15 More Home Prep Tips for Extended Absence

To accompany Steven Merrill’s excellent article, “30 Ways to Prep Your Home for a Long -Term Trip”, we asked our readers, “What else do you do to prepare your home for extended periods of time?”

The following reader responses are a must-read for all truck camper owners.  Get your House Prep list out and a pen.  There are some very important tips here.

“Great article on steps to prepare!  Good question, too.  Depending on the weather, I either put my house plants outside or give them to a friend to try to keep them alive!

We put away most of the outdoor furniture, especially the cushions.  I put some of the yard art away as well.  It is nice to come home and not have to do it in the cold.  I plant hardy geraniums in the pots on my porch so the front of the house doesn’t look bare/vacant in the summer.  Last summer they survived three months with no care.

I also take down bird feeders so they don’t blow away.  I can rehang these when we get home.  I set out a bowl of odor ban in the basement as well as DampRid containers.  We stop our garbage pickup too, as well as put a seasonal hold on the Xfinity/Comcast cable service.

We not only let our friends know we’re leaving, but also people we do business with who drive by everyday.  When we’re on the road we call or text our neighbors to see if the place is still standing!” – Janet and Jim Manis, 2014 Ram 2500 HD, 2016 Travel Lite 960R Illusion

“Good question.  We use a mail service which needs to be set up.  We pay most of our bills online, but you still need to know about unexpected mail, especially if it has financial implications.

We get someone to cut our grass every other week.  If we are off for more than a month we think about canceling our cable TV service.  You can always start it up again when you get home at a teaser rate.  We also make sure we have a good supply of any medication we need, and a way to resupply on the road.” – Al Stebbins, 2016 GMC 2500 HD, 2005 Northern Lite 8-11Q

“Living in a northern climate, we not only turn off our well/water pump (we are on a well system) as suggested by the article, but we also drain our water system. This is fairly easy to do if you have a valve at the low point in the water system.

Related to this, I have considered putting RV antifreeze in the house sink traps and in the toilets. Draining the water system is not much work (15 minutes), and goes a long ways to assure that one won’t freeze up water pipes should your home lose heating in a cold climate.” – Firman Schiebout, 2004 Ford F-350, 2012 Northstar 9.5 Igloo U

“Excellent article, Steven!  I’m in a very warm part of the Southwest and we have all ready hit 120 degrees Fahrenheit, and it’s not even July.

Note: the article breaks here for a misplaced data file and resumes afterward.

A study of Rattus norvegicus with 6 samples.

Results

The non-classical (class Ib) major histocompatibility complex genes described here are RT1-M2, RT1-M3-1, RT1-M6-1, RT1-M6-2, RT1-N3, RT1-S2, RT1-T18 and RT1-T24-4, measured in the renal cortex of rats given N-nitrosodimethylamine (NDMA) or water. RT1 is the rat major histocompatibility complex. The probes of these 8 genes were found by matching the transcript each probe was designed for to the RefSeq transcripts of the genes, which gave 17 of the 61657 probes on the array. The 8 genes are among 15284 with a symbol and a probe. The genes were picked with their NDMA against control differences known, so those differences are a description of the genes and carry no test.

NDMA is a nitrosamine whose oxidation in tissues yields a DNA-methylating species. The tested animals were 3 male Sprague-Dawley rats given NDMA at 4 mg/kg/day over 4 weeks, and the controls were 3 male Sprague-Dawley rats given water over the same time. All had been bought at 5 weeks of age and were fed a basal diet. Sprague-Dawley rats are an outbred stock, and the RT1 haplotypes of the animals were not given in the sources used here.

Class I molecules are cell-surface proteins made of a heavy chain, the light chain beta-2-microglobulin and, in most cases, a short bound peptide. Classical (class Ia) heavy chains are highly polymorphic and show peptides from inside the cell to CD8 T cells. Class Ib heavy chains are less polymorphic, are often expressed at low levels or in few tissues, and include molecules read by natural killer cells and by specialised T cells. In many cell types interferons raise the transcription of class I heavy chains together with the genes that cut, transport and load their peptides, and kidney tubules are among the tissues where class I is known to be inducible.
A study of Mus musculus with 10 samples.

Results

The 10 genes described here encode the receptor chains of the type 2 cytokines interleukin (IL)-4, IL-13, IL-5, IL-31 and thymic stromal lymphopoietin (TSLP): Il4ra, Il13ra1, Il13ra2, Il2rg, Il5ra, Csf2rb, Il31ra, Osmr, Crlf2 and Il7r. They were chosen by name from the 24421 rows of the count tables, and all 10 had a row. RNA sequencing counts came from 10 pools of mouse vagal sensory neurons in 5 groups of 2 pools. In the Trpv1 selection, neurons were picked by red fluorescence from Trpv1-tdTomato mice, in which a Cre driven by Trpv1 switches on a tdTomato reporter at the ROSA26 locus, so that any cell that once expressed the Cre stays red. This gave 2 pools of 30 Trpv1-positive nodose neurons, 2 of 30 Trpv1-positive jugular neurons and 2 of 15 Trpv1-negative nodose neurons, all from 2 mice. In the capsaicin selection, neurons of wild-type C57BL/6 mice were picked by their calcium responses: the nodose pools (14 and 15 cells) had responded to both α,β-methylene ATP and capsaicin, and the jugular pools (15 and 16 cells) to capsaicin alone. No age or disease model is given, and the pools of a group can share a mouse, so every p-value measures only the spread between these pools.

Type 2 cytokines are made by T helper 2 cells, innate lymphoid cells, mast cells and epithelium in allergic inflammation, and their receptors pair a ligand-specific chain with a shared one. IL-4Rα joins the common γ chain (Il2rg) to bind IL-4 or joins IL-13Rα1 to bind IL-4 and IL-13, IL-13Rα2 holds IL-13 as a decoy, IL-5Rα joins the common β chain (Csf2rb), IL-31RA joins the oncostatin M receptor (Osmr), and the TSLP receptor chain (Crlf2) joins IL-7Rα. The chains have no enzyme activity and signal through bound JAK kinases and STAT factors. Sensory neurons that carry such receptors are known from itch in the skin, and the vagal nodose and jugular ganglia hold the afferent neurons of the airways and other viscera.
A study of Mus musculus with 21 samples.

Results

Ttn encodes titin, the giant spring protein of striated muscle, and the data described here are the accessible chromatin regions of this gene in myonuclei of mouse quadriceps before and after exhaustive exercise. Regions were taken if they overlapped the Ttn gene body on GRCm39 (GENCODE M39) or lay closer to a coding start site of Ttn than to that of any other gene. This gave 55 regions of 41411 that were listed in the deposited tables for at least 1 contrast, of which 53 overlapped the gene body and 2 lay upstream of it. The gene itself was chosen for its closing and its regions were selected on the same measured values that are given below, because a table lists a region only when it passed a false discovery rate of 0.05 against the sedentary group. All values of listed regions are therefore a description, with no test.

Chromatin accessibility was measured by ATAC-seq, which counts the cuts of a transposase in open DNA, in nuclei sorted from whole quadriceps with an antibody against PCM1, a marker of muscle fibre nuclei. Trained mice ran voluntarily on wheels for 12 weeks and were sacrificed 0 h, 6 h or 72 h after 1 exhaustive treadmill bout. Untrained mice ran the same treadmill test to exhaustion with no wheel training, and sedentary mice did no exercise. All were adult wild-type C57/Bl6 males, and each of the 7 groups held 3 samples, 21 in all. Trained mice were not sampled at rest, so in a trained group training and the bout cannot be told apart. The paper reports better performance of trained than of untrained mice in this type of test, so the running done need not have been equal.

We fill ziplock bags with water and cover all the sinks and shower drains.  This will prevent the traps from drying out and possible infestation.

If you turn off the air conditioner, fill multiple large garbage buckets with water and let them stand in the bathtub / shower to help retain humidity.

If you turn off the water and leave on the power, shut off the water heaters at the breaker.  This is paramount!
If you have an irrigation system, hopefully solar, plumb a bypass so you can shut off the house.  If you leave the water on at the house, shut off the toilet(s).” – Mitch Johnson

“For those who still maintain a phone land line, you can forward your calls to your cell phone.” – Ed Striedl, 2015 Chevy Silverado, 2015 Arctic Fox 1140

“Greetings all!  This question of the week does cause anxiety for many, and rightly so.  We are included in that we go away for extended periods and leave the ranch unattended.  This has been a cause for concern and a discussion topic for us for some time.

For us the only way we are to get away and not worry is have someone take care of our place.  We have a second home on our property for someone to stay if we are going for a month or two.  For one or two weeks at a time we simply involve the neighbors to keep an eye on things and we do the same for them.  It’s not easy leaving your place, but none of us want our homes to be a prison.” – Wes Hargreaves, 2016 Ford F450, 2006 Snowbird 108DS

“Turn the heat to 50 degrees and turn the cooling to 80 degrees.  Lock all windows and alert your favorite neighbor to keep an eye on your house.  Return your trash can to its proper place, pick up all newspapers from the drive, pick up and hold mail, water the plants, and mow the lawn.  Assure all IR lights work.  Pay all utilities ahead.  Turn down the water heater.

Put your valuables where you can’t even find them and make a note with a hint.  Have obvious surveillance equipment on your house that can’t be compromised.  Make your house look like you never left for a road trip!” – Joe Zangerle, 2015 Ram 2500, Looking to purchase an 811

“I always clean the gutters and downspouts.  They fill with leaves, seeds, branches, and roof grit and can clog and cause water damage to the roof and leaks into the interior of the house.